Today, the Supreme Court of the United States granted certiorari in seven cases:

Obduskey v. McCarthy & Holthus LLP, No. 17-1307: Whether the Fair Debt Collection Practices Act applies to non-judicial foreclosure proceedings. 

Fourth Estate Public Benefit Corp. v., No. 17-571: Whether “registration of [a] copyright claim has been made” within the meaning of 17 U.S.C. § 411(a) when the copyright holder delivers the required application, deposit, and fee to the Copyright Office, as the Fifth and Ninth Circuits have held, or only once the Copyright Office acts on that application, as the Tenth and Eleventh Circuits have held.

Merck Sharp & Dohme Corp. v. Albrecht, No. 17-290: Whether a state-law failure-to-warn claim is preempted when the FDA rejected the drug manufacturer’s proposal to warn about the risk after being provided with the relevant scientific data; or whether such a case must go to a jury for conjecture as to why the FDA rejected the proposed warning.

Herrera v. Wyoming, No. 17-532: Whether Wyoming’s admission to the Union or the establishment of the Bighorn National Forest abrogated the Crow Tribe of Indians’ 1868 federal treaty right to hunt on the “unoccupied lands of the United States,” thereby permitting the present-day criminal conviction of a Crow member who engaged in subsistence hunting for his family.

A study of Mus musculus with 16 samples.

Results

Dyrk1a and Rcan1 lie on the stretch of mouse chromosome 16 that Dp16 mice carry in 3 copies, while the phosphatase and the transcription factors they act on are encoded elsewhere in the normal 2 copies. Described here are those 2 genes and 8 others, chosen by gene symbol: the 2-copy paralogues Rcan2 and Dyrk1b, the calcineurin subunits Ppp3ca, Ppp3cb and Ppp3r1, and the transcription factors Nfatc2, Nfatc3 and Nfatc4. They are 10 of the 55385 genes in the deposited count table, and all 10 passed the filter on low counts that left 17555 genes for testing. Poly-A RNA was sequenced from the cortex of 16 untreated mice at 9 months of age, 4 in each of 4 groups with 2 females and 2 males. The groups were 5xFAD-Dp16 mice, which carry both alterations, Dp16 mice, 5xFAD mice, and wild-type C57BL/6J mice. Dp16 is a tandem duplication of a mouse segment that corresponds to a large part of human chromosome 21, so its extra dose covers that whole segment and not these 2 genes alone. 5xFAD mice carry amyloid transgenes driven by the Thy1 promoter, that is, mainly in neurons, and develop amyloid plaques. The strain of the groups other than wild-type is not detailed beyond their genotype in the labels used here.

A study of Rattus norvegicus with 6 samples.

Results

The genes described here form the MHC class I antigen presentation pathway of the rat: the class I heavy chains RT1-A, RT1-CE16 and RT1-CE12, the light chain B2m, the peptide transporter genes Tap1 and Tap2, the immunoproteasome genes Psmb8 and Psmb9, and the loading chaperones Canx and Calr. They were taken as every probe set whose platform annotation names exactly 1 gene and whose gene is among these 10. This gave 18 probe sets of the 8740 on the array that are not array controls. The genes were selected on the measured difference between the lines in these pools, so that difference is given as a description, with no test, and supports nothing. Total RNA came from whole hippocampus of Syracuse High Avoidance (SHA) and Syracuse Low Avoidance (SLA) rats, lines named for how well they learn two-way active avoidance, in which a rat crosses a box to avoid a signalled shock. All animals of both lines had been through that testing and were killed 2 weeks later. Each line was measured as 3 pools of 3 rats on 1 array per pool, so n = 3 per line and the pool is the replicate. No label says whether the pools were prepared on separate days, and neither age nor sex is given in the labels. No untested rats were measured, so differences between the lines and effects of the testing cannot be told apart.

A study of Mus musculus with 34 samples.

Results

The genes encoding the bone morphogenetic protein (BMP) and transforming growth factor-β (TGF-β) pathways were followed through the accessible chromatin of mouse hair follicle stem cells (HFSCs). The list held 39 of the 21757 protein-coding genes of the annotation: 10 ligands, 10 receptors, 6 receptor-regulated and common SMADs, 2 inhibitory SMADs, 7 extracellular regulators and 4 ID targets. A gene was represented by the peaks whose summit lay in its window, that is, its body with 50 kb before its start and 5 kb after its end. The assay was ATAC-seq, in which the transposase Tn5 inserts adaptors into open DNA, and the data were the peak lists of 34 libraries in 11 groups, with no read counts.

Gamble v. United States, No. 17-646: Whether the Court should overrule the “separate sovereigns” exception to the Double Jeopardy Clause.

Nieves v. Bartlett, No. 17-1174: Whether probable cause defeats a First Amendment retaliatory-arrest claim under 42 U.S.C. § 1983.

Franchise Tax Board of California v. Hyatt, No. 17-1299: Whether Nevada v. Hall, 440 U.S. 410 (1979), which permits a sovereign State to be haled into another State’s courts without its consent, should be overruled.